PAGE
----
19 November, 2003@12:00 am

    The Bootleg of the Bootleg EP, her second solo effort in as many years, is a perfect name for the record. Often used as a way to give the world what the major record distributors and marketing teams won’t touch, the bootleg is an open canvas for many rappers these days. It limits the constraints of other hands touching one’s product and goes directly to the consumer. The abstract thought of bootlegging an original bootleg allows for even less diluted material - simply a novel idea.

    On Bootleg, Grae’s six full songs and a 45-minute freestyle session allow for plenty of quality material to reach the listener. “Hater’s Anthem” is her response to her detractors over an Alchemist -like beat, and the wah-wah of ’70s funk on “Take Me” is a cry for help, as Jean Grae admits, “I am blinded like a junkie shooting up with emotional Novocain.” And those are only the first two songs on the EP. “My Crew”, with its subtle Jay-Z sample in the background, is the admission to troubles of hip-hop today. “I represent for a nation/Thought we was in it together/But I guess it gets strange when money rains in sunny weather,” she raps. “….Rap’s dead/ Rap sucks/ But thanks to y’all for killing it/ Grilling it down and spilling its guts and filling it back up with trash/I mean cash….” Once again, self-aware and brutally honest.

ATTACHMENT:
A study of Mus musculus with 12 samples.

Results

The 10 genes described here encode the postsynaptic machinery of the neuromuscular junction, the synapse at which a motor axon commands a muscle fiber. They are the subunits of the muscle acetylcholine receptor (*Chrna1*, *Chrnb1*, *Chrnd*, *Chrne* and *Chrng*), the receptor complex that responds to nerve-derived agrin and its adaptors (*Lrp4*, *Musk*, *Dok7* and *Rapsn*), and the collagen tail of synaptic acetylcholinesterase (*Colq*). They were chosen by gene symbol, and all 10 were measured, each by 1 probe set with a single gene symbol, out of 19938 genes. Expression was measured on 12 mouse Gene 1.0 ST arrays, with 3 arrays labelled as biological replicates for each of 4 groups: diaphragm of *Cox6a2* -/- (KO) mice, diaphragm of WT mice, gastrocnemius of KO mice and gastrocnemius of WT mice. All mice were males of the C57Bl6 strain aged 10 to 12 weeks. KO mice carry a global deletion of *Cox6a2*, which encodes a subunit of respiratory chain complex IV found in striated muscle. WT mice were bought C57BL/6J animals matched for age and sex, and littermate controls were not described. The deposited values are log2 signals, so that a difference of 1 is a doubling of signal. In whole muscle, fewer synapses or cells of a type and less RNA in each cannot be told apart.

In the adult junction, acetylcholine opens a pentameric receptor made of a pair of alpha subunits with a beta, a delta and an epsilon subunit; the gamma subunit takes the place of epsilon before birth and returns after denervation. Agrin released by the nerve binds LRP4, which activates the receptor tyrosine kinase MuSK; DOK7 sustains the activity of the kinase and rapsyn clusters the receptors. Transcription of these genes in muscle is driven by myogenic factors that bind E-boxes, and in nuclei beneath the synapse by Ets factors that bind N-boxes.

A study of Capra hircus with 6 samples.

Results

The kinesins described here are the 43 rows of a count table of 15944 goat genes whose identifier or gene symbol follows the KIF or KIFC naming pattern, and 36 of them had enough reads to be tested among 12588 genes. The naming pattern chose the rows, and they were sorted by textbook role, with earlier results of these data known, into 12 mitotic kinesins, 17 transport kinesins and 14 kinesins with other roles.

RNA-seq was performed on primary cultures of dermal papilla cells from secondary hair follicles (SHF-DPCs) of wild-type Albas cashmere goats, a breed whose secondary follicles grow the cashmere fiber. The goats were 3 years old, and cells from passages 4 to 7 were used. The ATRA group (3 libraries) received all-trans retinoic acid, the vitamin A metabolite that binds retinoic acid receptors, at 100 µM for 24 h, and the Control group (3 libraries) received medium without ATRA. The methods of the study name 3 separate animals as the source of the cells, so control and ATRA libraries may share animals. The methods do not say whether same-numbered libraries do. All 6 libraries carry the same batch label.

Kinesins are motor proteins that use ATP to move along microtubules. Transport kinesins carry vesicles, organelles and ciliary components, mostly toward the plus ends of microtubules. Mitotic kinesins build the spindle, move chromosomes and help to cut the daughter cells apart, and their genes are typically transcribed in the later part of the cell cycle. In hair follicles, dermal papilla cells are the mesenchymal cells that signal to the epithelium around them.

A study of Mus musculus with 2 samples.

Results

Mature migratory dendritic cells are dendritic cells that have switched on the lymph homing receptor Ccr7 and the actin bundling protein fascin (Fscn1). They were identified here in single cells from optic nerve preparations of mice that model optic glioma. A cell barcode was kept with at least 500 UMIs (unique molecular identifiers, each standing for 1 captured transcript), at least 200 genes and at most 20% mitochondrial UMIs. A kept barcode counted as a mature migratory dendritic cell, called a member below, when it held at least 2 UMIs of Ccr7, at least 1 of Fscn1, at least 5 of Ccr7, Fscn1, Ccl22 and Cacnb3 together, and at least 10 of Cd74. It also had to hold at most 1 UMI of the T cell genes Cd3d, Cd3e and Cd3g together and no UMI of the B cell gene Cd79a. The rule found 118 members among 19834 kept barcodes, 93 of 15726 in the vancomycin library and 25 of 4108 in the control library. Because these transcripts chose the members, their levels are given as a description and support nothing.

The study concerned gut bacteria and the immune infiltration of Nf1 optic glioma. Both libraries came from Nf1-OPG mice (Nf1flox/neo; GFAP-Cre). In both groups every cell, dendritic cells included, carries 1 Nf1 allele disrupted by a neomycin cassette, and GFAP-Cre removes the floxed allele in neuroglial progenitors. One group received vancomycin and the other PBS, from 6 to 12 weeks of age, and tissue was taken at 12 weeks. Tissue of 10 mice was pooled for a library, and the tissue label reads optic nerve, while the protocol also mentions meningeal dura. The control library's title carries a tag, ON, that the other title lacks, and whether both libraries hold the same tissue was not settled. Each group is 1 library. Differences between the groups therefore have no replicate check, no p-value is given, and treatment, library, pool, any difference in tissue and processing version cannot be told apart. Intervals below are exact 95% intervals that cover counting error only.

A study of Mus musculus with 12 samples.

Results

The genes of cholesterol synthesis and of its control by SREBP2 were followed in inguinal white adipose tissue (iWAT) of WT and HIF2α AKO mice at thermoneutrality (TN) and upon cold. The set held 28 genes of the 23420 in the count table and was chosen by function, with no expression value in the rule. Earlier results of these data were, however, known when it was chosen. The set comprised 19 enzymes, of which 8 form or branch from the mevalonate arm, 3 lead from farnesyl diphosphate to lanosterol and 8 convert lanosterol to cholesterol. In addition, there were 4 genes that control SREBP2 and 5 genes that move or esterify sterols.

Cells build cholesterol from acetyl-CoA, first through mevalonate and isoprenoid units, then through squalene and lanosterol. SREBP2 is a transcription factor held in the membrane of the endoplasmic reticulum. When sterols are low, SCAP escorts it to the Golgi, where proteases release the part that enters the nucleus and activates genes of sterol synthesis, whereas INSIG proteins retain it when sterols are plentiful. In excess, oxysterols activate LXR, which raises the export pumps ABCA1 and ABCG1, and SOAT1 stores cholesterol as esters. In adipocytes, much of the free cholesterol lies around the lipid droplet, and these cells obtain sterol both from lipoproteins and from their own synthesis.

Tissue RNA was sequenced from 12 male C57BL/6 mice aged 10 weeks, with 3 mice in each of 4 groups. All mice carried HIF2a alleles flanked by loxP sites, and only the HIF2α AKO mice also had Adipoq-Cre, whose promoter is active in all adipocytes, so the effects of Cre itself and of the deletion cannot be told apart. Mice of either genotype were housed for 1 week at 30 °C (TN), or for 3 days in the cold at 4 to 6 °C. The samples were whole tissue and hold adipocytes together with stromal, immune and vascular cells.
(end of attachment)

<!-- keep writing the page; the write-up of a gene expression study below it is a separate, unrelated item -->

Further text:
The most impressive of all the music are Grae’s rhymes over the relatively happy beat of Scarface’s “My Block.” The frank tone is striking as she recites lyrics that will leave the listener with raised eyebrows by the second line. “I’m feeling numb, thinking of changing my name to crystal meth/ Playing this game, holding my mic like a pistol/ Aiming at death/ And I love nobody/ Alone in this world, that how I came in it/ But shit can flash and reverse the same in a minute,” she raps. “….Drowning in a haze of smoke and glasses that never ran empty/ Bottles of SoCo, cheap vodka and 20-20/ Spending my pennies for thought on quarts of Henny….”

    With few weak points (namely a sub-sub-par guest performance by Cannibal Ox). The Bootleg of the Bootleg is a fantastic album. Perfectly placed strings and piano loops (the record even samples Mozart), and excellent production by several newcomers (Wizard, Brooklyn Academy, Ruddy Rock and Belief, Bravo, China Black, etc.) make the record complete. Jean Grae also shines as she manages to rhyme over Jay-Z, Nas, and Eminem beats as well as the originals. During the 45- minute mix that follows the original six tracks, Grae provides her version of the hits (see the previously mentioned Scarface beat).

So for those who appreciated Attack of the Attacking Things, this record will not disappoint. For those who haven’t heard the first album, pick up the Bootleg.